Will war chaplain Willie Doyle be Ireland’s next saint?

Father Willie Doyle, S.J. Father Willie Doyle, S.J.

Ireland’s Father William Doyle, SJ, is one step closer to sainthood. Bishop Thomas Deenihan of the Diocese of Meath announced his intention Oct. 27 to open the Jesuit’s cause for beatification and canonization.

Doyle was an Irish military chaplain for the British Army who served heroically on the battlefields of World War I and died trying to rescue two Protestant soldiers.

“We’re obviously very delighted, but also very grateful,” Patrick Kenny, president of the Father Willie Doyle Association, told CNA Oct. 31. “We’re very grateful to the bishop, very grateful to the Irish Jesuit province that has supported us, and very grateful for God’s providence that this is the moment when Father Doyle’s cause is being introduced.”

The association seeks to raise awareness about Doyle and promote his cause for sainthood.

“One of the standard characteristics of Father Willie’s personality was his joy,” Kenny said. “What’s interesting is, while he himself lived a very austere and very mortified life, very few people knew about that. On the surface, as far as everyone knew, he was a very, very joyful man and he was actually renowned for his practical jokes.”

Doyle’s admirers have noted the special role of prayer and penance in his life: the priest’s diaries show he offered his mortifications and sufferings to God in reparation for the sins of priests.

Bishop Deenihan’s decree said Doyle’s sainthood cause has the “unanimous consent” of the Irish bishops’ conference and approval from the Vatican’s Dicastery for the Causes of Saints. The request to open the cause came from Father John Hogan, who has been named postulator of the cause.

“His example is one of hope for many,” Hogan said in an Oct. 27 statement from the Doyle association. “I am privileged to act as postulator for Fr. Willie’s cause and look forward to helping to make him a new saint for the Jesuits and a new saint for Ireland.”

Doyle was born March 3, 1873, in Dalkey, a southeastern suburb of Dublin. He was the youngest of seven children in a devout family that made sure to care for their less fortunate neighbors. As a young boy, he would often bring food and money to poor neighbors and clean and paint their houses, according to his biography on the Doyle association website.

In 1891 he entered the Society of Jesus in County Meath. After ordination to the priesthood in 1907, he had various assignments around Ireland in which he focused on outreach to workers and their families.

With the outbreak of World War I, he volunteered as a military chaplain for the 8th Battalion of the Royal Irish Fusiliers of the 16th Irish Division of the British Army. He served from late 1915 until his death in 1917.

He became known for his efforts to minister to the dead and dying while suffering with the soldiers in the trenches. On one occasion, when a medical doctor had fallen ill and had no warm or dry spot to sleep in, Doyle laid facedown in the dugout they shared so the doctor could sleep on his back.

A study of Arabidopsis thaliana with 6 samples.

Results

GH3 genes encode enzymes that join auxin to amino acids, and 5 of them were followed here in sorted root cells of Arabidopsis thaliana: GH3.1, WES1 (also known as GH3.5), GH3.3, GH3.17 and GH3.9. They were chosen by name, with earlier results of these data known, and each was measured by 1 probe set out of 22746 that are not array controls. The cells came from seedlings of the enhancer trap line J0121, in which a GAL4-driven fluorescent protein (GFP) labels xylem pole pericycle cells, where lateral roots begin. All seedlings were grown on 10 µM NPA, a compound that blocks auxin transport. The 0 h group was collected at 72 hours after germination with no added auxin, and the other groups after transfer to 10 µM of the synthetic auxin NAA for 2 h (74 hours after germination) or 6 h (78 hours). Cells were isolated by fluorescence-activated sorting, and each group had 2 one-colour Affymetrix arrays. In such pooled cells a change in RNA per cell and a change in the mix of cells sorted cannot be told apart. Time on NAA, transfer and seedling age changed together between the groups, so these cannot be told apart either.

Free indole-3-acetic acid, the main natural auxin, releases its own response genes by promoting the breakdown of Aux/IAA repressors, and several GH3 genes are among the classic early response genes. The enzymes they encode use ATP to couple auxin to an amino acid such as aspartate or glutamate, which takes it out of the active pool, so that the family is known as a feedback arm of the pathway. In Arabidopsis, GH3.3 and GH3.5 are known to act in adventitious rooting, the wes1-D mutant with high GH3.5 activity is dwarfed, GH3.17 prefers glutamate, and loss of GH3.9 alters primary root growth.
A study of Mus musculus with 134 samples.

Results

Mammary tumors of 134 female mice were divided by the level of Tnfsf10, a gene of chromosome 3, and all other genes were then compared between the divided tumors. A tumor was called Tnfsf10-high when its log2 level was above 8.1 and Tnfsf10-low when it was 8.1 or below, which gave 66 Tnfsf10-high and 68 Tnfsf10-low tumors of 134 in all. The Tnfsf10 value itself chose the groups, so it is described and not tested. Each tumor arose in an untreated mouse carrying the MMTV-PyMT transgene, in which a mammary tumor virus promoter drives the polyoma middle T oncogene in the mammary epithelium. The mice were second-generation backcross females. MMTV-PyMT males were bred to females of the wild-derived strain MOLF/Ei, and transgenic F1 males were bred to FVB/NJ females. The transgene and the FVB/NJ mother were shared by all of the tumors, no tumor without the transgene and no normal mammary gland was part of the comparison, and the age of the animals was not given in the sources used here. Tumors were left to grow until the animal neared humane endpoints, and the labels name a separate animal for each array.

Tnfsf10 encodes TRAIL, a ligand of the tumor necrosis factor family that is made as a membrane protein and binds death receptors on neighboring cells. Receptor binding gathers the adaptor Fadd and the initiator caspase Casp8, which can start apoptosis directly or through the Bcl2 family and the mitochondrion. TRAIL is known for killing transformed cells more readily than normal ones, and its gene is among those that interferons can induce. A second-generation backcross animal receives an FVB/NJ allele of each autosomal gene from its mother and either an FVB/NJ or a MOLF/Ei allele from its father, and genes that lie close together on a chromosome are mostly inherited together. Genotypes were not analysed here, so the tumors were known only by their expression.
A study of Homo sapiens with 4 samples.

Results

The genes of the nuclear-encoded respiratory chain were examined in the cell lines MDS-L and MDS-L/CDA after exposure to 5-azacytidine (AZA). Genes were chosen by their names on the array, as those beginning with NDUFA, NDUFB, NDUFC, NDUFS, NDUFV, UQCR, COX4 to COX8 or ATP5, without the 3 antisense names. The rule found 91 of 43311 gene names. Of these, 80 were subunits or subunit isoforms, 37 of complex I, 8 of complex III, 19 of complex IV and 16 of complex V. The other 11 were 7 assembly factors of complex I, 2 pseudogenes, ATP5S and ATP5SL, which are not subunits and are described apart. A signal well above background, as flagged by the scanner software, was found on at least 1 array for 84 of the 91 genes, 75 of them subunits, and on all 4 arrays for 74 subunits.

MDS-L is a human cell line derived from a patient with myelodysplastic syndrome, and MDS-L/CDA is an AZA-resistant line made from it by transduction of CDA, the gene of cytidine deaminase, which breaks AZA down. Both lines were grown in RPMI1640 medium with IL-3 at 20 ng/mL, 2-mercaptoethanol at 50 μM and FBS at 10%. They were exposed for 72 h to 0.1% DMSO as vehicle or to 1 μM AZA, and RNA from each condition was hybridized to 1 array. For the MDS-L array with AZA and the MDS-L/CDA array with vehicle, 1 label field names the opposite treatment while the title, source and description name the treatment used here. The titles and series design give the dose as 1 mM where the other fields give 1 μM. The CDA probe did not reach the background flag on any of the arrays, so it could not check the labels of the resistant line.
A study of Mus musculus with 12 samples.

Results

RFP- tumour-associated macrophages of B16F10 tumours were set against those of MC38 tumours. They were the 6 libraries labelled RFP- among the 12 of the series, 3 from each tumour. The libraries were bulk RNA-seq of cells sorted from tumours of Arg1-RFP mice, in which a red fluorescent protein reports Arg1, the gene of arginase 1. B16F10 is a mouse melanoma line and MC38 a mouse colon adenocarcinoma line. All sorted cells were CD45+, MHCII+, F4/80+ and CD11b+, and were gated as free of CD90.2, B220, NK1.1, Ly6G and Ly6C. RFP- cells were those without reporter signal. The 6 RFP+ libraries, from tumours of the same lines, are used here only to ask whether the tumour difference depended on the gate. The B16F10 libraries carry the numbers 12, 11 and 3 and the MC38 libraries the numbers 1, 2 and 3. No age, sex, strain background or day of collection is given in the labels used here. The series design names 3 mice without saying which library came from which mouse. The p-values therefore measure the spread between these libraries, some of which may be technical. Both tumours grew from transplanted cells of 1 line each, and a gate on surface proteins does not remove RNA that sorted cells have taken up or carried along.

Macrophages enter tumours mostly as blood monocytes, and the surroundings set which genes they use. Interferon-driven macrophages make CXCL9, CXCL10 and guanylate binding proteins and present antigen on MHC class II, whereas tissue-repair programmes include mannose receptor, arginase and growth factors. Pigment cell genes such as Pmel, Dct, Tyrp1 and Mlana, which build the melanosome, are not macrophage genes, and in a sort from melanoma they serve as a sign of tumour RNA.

Doyle died on Aug. 16, 1917, during the Battle of Passchendaele in Belgium while trying to rescue two Anglican soldiers from Ulster, in the north of Ireland.

He was awarded the Military Cross for bravery at the Battle of the Somme and a divisional merit award for bravery during a poison gas attack. He was nominated for both the Distinguished Service Order and the Victoria Cross, the latter being the most prestigious military honor in the British armed forces.

Kenny noted that the priest who went on to be known for courage and heroism had “a complete nervous breakdown” at the age of 20 when his novitiate caught on fire.

“It had a big effect upon him. And he was healed from that,” Kenny said. “We see him 20 years later as this hero in the war that people flocked to. He was so courageous, but he was also so serene in the midst of the dangers of war. This, I think, is a very attractive part of his personality for us today. He shows us that this kind of healing and transformation is possible.”

The cause for Doyle’s beatification and canonization will be formally opened with a Nov. 20 Mass at Christ the King Cathedral in Mullingar, County Westmeath, the seat of the Diocese of Meath.


The investigation process will include diocesan tribunals, theological review, and efforts to evaluate any reports from the faithful.

Kenny said the Doyle association will work to advance the sainthood cause by giving talks, distributing prayer cards, and raising funds to support the case.

Because a Church-approved miracle is often necessary for beatification, the association is especially encouraging people to pray for the intercession of Doyle if they have particularly sick friends or family members or are sick themselves.

“Pray to Father Willie for a miracle and healing,” Kenny said.

Kenny said that devotion to Doyle was “very much a global phenomenon” after the priest’s death.

By the early 1930s, more than 50,000 letters attesting to his personal devotion were received by Church authorities. Of these, 6,000 reported healings and favors through his intercession. Several canonized saints had a devotion to Doyle, including Teresa of Calcutta, Josemaria Escriva, Alberto Hurtado, and Rafael Arnaiz Baron. In the 1930s, there was serious consideration given to opening his cause for canonization, but this was delayed.


Hogan, the cause’s postulator, said that St. Oliver Plunkett is the only Irish person to have been canonized in the last 500 years.

“Ireland has many great candidates for sainthood, and Father Willie Doyle is one of the most fascinating of all. His attractive personality and his love for God and for others shines through his writings,” Hogan said. “He is also a tremendously relevant figure for the Church today, especially in Ireland.”